Clinic Fights Indiana’s Parental-Consent Abortion Law

INDIANAPOLIS (CN) – Planned Parenthood of Indiana and Kentucky sued Hoosier State officials to stop a new law that would allow judges to alert the parents of minors seeking an abortion, even if the minor has been deemed mature enough by a court to make her own decision.

The federal lawsuit was filed by the Indiana chapter of the American Civil Liberties Union on Thursday, and seeks to prevent the law from going into effect on July 1 by claiming it violates due process and First Amendment rights.

Under current Indiana law, minors are required to obtain parental consent before obtaining an abortion.

However, they can petition a judge for a “judicial bypass,” which can deem the minor mature enough make the decision or that it is in the minor’s best interests.

The law at issue, Senate Enrolled Act 404, was signed by Indiana Gov. Eric Holcomb on April 25, and specifically allows a judge to alert the parents of an unemancipated minor seeking an abortion, even if the minor has sought and been granted a waiver to obtain an abortion without parental consent.

According to the complaint filed in Indianapolis, this could create a situation where a minor deemed mature enough to make the abortion decision for herself may still have her parents notified that she is pregnant and trying to get an abortion without their consent.

“If this law is allowed to go into effect, it will have a chilling effect on teenagers already dealing with a difficult situation,” Betty Cockrum, president and CEO of Planned Parenthood of Indiana and Kentucky, said in a statement. “We encourage teenagers to have open and honest conversations with their family members, but unfortunately not every teenager is in an environment where that is safe. This law seeks to stifle open and fully-informed conversation between our staff and our patients.”

Planned Parenthood is also challenging several other parts of SEA 404, including a provision that would prevent people from aiding or assisting patients in obtaining an abortion without fulfilling certain requirements.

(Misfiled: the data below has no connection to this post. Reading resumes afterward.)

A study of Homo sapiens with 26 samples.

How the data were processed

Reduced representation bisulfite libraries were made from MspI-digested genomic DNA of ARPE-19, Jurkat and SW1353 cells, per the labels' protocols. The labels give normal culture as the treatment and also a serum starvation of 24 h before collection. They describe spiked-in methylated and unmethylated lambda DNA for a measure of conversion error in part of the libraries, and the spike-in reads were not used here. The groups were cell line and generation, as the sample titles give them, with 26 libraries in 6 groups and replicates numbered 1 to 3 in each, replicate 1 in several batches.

The law’s “consent procedures” require a physician to obtain identification from the minor and parent in order to prove the relationship.

The lawsuit argues that this requirement violates First Amendment rights because it would prevent a Planned Parenthood employee from being able to refer a patient to another state that has less strict requirement for abortions.

For example, the complaint states that Planned Parenthood employees often refer its patients to neighboring states that allow for abortions past a woman’s first trimester, which are prohibited in Indiana.

Under the new law, Planned Parenthood says it could face civil liabilities for making such a referral without obtaining the proper consent.

The ACLU released a statement cementing its belief that the law violates conditional rights.

“The ACLU of Indiana stands in strong defense of a woman’s right to make decisions about her health, including her reproductive health and future. For over four decades, courts have confirmed that this constitutional right extends to unemancipated minors who have been deemed, by a judge, to be sufficiently mature to make a decision to obtain an abortion without parental consent. SEA 404 imposes new burdens on a young woman’s access to abortion and on her health care providers, in violation of often reaffirmed constitutional rights” the group said.

This lawsuit marks the third time since 2016 that the ACLU and Planned Parenthood have sued in the Hoosier State to challenge abortion laws.

The two previous lawsuits concerned a ban on abortions due to genetic abnormalities and a requirement that women undergo an ultrasound at least 18 hours before undergoing an abortion.

Both restrictions were signed into in March 2016 law by Vice President Mike Pence, who was then serving as Indiana’s governor. A federal judge later blocked both provisions.

Indiana Attorney General Curtis Hill said in a statement, “Our staff is reviewing the lawsuit filed by Planned Parenthood.  We look forward to defending the rights of parents and the welfare of children that are under attack by this lawsuit.”